Even though the New York City Council elections are a year-and-a-half away, many campaigns have quietly been laying the groundwork to run for Council seats. About half of the seats will be open in 2013 due to term limits – and many candidates are chomping at the bit to get started, after the 2008 term-limits extension delayed their plans for four years
From time to time, the Notebook will be checking in on the status of the competitive Council races, and giving our take on the lay of the land. It’s definitely an inexact science so early in the game, and if you have any tips — or have suggestions about which race we should cover next — please feel free to get in touch.
One race I’ve been following closely is the Democratic primary shaping up to take on colorful northeast Queens Councilman Dan Halloran. He may run for state Senate in 2012 against State Sen. Tony Avella if the redrawn district breaks the right way, though he’s recently thrown cold water on the idea. But assuming that Halloran isn’t a member of the state Senate by 2013, the Democratic primary to take him on could again get pretty messy, in what is a relatively conservative district by New York City standards.
In 2009, the Queens Democratic machine backed community board chair Jerry Iannece, and tried to force Paul Vallone, the brother of Councilman Peter Vallone, Jr., to drop out of the race, fearing Iannece and Vallone would split the Italian-American vote – and pave the way for a weaker general election candidate to emerge. Vallone refused to drop out, and that’s exactly what happened: Kevin Kim, a bright, young Korean-American lawyer, won the primary behind a huge turnout by Korean-American community in Flushing, but narrowly lost an extremely ethnically and religiously divisive general election contest to Halloran.
Fast forward to 2013. Kim has moved out of the district. Vallone wants to run again. Iannece is very interested. Matt Silverstein, a young state committeeman who is the former president of the New York State and Queens Young Democrats is already raising money. All of this threatens to again split the vote — and make anointing the strongest general election candidate a difficult task for the Queens Democrats.
Vallone — and his entire family — have a long history of bucking leadership of the Queens Democratic Party, and if Vallone thinks he can win, he’s likely to run. On the other hand, Iannece and Silverstein are much more loyal to the Queens party leadership.
One operative paying close attention to the race says the ultimate play for the Queens Democrats may be to support John Duane, a former one-term assemblyman in the 1980’s, who is the brother of State Sen. Tom Duane. He is thought to be liked in progressive labor circles, and would probably be a more liberal pick than either Iannece or Vallone. He is already meeting with people about a run.
Duane is seen some as having the type of gravitas to take on Halloran, who is certainly no wilting flower, and remains personally popular among many in the district despite a number of controversies. Halloran was preceded on the Council by then Councilman Tony Avella, a lone wolf on the body who often clashed with leadership.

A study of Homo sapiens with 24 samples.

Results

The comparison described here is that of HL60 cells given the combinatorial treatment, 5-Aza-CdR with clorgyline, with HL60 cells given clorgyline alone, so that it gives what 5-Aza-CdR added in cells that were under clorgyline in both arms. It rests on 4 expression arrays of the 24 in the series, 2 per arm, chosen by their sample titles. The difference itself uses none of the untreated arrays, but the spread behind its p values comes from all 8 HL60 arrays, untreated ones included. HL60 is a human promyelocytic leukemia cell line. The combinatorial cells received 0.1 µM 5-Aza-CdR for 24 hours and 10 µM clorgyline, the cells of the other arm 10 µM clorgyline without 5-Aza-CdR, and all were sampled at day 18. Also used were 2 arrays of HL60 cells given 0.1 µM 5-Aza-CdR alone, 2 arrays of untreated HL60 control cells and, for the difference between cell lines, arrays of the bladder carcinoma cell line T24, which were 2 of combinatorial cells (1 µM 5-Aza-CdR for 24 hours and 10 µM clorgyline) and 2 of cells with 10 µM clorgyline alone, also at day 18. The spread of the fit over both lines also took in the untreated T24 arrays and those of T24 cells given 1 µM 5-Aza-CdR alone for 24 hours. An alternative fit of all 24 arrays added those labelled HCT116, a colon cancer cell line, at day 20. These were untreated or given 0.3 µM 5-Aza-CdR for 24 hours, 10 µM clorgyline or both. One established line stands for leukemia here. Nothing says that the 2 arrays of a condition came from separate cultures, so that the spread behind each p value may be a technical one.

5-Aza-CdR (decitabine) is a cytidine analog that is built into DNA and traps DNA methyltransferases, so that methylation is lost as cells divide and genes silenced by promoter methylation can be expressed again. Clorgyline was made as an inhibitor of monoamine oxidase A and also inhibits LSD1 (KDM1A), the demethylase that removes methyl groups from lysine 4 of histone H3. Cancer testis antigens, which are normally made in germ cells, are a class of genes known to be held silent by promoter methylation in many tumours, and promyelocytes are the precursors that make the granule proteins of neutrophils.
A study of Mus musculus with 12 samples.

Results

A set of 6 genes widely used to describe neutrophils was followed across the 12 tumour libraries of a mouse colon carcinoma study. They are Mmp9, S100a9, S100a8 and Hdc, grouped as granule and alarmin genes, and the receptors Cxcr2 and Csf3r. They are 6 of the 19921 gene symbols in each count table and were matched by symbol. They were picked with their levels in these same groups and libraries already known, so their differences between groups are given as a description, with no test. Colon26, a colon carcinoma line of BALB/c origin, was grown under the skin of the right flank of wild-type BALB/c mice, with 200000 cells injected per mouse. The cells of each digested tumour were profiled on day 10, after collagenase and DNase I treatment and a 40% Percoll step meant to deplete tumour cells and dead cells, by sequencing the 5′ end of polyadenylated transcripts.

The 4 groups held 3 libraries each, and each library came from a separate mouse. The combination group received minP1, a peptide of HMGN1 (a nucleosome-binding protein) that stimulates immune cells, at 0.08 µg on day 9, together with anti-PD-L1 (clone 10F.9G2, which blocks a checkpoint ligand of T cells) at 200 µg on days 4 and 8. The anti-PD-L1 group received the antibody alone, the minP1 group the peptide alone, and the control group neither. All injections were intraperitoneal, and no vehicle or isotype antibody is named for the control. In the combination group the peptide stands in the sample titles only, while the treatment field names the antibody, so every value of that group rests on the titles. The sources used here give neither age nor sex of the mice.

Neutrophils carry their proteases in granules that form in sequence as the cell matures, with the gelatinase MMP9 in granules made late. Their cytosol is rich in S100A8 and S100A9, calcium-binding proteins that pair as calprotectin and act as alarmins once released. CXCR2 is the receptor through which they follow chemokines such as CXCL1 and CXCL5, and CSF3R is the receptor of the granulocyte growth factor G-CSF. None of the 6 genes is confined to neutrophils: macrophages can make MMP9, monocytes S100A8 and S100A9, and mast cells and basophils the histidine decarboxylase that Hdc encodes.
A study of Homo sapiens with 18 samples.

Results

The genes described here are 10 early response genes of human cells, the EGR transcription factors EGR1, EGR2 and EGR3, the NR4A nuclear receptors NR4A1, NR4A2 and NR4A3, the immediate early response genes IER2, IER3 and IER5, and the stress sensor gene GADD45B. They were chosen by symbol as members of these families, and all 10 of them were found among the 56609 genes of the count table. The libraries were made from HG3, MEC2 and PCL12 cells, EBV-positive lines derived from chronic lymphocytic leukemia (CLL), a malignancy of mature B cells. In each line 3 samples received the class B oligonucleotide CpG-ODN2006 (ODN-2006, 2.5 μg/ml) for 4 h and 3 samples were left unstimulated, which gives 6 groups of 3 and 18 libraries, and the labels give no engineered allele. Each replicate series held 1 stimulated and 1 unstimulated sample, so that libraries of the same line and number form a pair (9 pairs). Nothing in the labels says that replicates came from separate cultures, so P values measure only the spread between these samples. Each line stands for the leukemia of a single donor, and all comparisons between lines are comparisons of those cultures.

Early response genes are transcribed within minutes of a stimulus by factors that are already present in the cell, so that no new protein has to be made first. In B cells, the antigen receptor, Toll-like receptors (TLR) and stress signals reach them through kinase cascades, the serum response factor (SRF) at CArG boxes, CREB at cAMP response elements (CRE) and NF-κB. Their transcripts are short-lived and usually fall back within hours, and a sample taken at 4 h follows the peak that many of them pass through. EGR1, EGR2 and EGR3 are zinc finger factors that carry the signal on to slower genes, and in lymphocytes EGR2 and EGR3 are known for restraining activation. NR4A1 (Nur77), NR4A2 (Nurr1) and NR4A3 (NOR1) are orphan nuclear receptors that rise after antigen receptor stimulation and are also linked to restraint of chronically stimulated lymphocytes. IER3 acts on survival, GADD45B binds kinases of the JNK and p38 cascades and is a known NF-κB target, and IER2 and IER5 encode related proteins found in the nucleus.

“In that district, you kind of want someone who has a little bit of a screw loose,” said one labor official closely following the race.
Duane did get into little bit of a spat with leadership of the Queens Democratic Party in 2010, when he refused to drop out of the Assembly race to replace Assemblywoman Ann-Margaret Carrozza – causing the Queens Democrats to boot Duane from a promised spot on state committee. Still, Duane ran a fairly positive campaign, unlike others in the race and did not burn too many bridges with the Queen Democratic organization, finishing in a strong second place.
Silverstein, meanwhile, is the only Jewish candidate who appears to seriously be eying a run. He also has deep connections in among young Democrats. And Iannece and Vallone both retain strong bases of support.
The decision on which Democrat to select will ultimately be made by Queens Democratic chair Joe Crowley and the district leaders in the Council district, which may well shift with redistricting. That means that the 2010 elections for district leader in northeast Queens could well play into who wins the right to take on Halloran.
Regardless, Queens Democrats are hoping to replicate the 2010 Assembly race for Carrozza’s seat, when several candidates, including Silverstein, dropped out of the race and accepted lower-level spots with the party, after it became clear that Ed Braunstein was the Dems’ pick to run against a fairly strong Republican candidate, Vince Tabone.
“The goal of the party is to learn from our past,” said one Queens Democrat, “and not repeat the mistakes of 2009 that stuck us with Dan Halloran for four years.”